After increases of 1.2 per cent and 1.8 per cent in November and December respectively, this was a return to the trend generally seen for much of the last two years where house price growth has hovered around zero.
The Halifax house price index showed the average residential property in the UK was worth £240,054 last month, up 0.4 per cent from £238,998 in December.
In annual terms, house prices were 4.1 per cent higher than January 2019 when the average property was worth £230,784.
This rate was up marginally from the four per cent annual increase reported in December.
The strong growth of the previous two months was reflected in the quarterly rise of 2.3 per cent being the highest three-month spell in more than a year.
Halifax managing director Russell Galley was cautiously optimistic about the figures, noting a number of important market indicators continue to show signs of improvement.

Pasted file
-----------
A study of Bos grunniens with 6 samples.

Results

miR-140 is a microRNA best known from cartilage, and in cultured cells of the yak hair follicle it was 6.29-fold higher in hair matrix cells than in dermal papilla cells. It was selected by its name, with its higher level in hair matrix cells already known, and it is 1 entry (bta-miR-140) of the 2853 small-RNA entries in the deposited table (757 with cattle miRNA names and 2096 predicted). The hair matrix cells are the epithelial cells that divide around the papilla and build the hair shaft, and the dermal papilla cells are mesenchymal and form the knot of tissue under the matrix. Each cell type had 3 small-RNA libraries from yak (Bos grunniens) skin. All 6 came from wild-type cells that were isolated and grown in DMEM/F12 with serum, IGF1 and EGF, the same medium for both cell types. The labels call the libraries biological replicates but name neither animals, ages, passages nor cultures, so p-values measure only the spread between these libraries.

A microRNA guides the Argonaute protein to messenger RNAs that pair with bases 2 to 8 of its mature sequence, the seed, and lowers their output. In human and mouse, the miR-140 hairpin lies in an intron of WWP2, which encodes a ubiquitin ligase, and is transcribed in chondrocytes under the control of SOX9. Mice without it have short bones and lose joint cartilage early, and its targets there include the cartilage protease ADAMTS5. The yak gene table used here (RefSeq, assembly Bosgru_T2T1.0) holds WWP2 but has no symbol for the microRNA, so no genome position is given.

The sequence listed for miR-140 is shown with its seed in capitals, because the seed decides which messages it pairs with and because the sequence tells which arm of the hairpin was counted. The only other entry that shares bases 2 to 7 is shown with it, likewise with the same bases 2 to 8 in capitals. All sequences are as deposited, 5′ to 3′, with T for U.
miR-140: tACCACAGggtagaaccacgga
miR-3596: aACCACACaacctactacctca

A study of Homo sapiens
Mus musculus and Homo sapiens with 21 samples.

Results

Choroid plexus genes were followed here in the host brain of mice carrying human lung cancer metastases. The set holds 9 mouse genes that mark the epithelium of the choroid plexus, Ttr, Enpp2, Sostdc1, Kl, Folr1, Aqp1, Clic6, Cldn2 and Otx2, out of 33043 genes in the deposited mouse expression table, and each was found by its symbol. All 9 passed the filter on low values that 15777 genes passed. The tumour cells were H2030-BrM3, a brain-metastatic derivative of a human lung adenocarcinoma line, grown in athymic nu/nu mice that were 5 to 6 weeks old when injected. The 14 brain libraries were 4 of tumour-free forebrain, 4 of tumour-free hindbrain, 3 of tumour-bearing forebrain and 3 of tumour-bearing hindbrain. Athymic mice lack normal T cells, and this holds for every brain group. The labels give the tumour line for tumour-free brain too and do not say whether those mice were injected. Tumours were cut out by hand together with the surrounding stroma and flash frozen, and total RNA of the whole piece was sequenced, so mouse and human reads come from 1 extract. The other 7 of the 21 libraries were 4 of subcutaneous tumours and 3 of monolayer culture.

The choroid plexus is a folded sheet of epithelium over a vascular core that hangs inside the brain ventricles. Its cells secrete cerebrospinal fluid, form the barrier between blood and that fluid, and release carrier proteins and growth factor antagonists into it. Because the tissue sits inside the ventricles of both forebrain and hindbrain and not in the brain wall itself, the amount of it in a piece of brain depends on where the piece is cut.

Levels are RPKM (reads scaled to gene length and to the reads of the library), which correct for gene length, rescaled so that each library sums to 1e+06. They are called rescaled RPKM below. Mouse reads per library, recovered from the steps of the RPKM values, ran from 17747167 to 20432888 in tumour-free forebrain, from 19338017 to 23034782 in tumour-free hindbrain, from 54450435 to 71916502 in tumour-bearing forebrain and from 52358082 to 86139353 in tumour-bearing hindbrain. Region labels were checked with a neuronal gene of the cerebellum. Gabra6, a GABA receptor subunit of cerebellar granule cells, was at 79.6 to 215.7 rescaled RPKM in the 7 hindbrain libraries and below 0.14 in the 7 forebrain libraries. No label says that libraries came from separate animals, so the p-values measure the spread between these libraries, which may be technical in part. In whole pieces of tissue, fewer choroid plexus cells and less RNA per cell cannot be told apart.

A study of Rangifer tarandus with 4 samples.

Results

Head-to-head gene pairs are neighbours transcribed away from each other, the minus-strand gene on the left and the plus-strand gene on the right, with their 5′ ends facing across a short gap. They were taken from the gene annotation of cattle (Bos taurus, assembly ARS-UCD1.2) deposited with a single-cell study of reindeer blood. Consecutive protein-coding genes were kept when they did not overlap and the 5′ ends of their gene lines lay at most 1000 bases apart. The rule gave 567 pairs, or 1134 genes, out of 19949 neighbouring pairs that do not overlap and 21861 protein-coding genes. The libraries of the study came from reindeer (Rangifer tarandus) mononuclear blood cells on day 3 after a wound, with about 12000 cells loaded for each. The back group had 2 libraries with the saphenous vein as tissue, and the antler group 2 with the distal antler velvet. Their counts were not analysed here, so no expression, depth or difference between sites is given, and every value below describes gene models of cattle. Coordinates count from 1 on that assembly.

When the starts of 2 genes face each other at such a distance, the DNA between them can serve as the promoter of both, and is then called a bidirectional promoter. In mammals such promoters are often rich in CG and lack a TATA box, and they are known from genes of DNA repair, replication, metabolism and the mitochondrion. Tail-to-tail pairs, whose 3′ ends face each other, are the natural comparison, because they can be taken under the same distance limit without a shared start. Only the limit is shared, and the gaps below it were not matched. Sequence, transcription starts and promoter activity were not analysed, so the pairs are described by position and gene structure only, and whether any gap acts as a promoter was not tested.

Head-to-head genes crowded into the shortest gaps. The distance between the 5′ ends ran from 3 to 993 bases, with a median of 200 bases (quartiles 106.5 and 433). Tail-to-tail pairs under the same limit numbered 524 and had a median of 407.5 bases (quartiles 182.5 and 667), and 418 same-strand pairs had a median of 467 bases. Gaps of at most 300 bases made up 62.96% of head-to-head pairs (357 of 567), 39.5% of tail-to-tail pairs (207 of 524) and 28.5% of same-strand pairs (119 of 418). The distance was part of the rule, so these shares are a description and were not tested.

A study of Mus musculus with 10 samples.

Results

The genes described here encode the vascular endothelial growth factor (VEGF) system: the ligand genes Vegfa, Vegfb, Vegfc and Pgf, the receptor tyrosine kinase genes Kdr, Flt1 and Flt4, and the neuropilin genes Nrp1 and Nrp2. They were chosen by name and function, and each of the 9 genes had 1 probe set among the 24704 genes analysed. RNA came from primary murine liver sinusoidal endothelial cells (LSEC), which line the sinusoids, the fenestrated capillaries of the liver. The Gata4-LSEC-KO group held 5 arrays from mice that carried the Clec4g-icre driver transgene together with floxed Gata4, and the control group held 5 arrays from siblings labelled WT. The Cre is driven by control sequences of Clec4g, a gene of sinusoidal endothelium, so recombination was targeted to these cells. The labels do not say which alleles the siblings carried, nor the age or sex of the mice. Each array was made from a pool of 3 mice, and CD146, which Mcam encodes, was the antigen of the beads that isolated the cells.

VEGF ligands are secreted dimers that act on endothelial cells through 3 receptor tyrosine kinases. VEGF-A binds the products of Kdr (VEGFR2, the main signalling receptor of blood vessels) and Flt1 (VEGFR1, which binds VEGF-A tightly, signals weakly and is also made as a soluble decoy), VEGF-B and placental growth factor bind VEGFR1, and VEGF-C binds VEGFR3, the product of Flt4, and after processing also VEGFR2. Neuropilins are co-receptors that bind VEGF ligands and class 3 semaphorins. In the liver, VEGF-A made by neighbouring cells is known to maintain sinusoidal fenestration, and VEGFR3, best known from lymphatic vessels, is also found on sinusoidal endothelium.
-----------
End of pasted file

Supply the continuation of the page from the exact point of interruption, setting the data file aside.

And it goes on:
“We have seen a pick-up in transactions with more buyer and seller activity consistent with a reduction in uncertainty in the UK economy. However, it’s too early to say if a corner has been turned,” he said.
“The recent positive figures may actually represent activity that would ordinarily have been expected to take place last year, but was delayed by economic uncertainty.
“So while housing market activity has undoubtedly increased over recent months, the extent to which this persists will be driven by housing policy, the wider political environment and trends in the economy.”
He added that the lender was still expecting a moderate rate of house price growth over the course of the year.
“Demand is likely to continue to exceed the supply of properties for sale across the UK, with the subdued pace of new building also adding to upwards price pressure,” he continued.
“The environment for mortgage affordability should stay largely favourable. However, with the growth in rental costs accelerating, many first-time buyers will continue to face a significant challenge in raising necessary deposits.”